Like alcohol, marijuana impairs driving performance. The question is how much. Advocacy groups claim that marijuana affects psychomotor skills only mildly and that this doesn’t seem to play a significant role in road accidents compared to alcohol, because stoned drivers compensate for their impairment by driving more slowly and taking fewer risks (drunk drivers tend to speed and take more risks).
Interestingly, some research suggests that marijuana legalization may result in fewer traffic fatalities overall, possibly because it reduces alcohol consumption and because marijuana users, who tend to smoke at home, may be less likely to drive while impaired, compared to alcohol drinkers, who tend to drink in bars and restaurants.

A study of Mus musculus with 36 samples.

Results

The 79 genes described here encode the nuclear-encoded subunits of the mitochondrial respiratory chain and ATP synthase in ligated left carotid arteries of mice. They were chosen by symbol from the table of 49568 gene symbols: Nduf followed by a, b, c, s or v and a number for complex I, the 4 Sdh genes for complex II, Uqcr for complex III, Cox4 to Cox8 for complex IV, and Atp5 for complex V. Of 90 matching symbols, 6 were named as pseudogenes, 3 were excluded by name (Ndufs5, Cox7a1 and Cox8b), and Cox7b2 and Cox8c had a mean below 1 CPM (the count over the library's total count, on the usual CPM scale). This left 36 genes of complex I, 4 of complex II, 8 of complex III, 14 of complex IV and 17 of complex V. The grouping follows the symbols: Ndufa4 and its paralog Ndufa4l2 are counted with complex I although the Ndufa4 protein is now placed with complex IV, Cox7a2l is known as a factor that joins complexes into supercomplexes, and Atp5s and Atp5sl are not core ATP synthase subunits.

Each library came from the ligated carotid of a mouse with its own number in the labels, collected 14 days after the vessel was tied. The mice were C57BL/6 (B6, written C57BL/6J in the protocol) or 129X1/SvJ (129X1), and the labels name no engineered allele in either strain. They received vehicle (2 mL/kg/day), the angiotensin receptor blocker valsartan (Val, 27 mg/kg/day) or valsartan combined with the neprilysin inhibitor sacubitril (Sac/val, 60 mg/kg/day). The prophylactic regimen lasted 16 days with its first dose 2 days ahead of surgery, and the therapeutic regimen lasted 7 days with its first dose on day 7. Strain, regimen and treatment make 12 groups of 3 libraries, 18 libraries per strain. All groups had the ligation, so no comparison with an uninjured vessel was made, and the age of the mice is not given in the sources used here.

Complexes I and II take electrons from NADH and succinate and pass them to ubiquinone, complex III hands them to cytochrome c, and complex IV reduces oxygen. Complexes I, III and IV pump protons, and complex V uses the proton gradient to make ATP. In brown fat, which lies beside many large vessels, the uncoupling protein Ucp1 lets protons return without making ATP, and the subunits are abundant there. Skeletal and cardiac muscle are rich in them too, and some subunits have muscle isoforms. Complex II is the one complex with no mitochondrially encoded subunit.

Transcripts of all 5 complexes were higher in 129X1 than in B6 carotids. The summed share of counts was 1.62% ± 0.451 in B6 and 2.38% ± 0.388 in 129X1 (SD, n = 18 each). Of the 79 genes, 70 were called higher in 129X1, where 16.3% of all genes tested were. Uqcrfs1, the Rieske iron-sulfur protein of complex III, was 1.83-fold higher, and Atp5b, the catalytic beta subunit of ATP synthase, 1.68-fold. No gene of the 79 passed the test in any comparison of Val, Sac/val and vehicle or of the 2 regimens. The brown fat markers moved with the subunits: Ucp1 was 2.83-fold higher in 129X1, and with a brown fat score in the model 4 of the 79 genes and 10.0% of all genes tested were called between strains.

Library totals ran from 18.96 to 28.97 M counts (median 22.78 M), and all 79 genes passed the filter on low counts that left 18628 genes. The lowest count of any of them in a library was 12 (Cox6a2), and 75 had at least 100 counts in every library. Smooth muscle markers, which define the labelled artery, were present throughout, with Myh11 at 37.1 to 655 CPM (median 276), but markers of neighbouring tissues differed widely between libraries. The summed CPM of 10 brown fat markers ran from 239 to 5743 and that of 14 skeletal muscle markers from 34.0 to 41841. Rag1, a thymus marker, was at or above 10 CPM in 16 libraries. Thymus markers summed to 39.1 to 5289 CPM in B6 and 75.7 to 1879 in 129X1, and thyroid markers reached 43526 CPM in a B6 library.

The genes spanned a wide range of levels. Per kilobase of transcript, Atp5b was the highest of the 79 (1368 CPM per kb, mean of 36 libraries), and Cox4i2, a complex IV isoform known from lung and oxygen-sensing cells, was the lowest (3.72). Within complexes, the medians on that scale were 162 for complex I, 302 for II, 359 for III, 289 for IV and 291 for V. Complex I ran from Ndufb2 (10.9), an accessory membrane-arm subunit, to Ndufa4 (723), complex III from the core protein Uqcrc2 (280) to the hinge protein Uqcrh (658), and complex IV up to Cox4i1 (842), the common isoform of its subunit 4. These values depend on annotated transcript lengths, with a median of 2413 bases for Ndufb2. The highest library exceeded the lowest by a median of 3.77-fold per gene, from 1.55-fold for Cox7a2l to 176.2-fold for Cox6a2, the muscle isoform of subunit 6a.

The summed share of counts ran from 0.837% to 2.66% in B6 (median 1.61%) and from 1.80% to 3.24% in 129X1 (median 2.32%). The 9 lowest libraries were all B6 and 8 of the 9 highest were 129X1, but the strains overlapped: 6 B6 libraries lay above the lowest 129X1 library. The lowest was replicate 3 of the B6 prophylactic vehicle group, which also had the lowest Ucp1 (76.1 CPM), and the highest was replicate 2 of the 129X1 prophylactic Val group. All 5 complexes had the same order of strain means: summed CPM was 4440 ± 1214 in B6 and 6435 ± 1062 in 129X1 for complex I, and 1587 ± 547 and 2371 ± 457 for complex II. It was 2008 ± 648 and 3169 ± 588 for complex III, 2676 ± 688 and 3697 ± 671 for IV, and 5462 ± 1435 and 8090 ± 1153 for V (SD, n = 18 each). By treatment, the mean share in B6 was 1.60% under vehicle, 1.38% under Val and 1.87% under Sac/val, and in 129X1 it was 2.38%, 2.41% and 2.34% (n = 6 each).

But that hardly means that driving stoned is safe. A study in PLOS ONE last year found that even low THC blood concentrations decrease psychomotor skills and, as seen under special MRI imaging, increase activity in brain areas associated with “self-oriented mental activity,” which means drivers are less likely to pay attention to the road.
Also of concern is that drugged driving is on the rise, with 12 percent of drivers involved in fatal accidents testing positive for marijuana in 2010, up from 4 percent in 1999, according to a new study in the American Journal of Epidemiology.
No one knows what a safe blood THC level is (if any), how long the impairment persists after smoking, or how to best assess legal impairment limits—but as a new campaign from Colorado says, “Drive high, get a DUI.”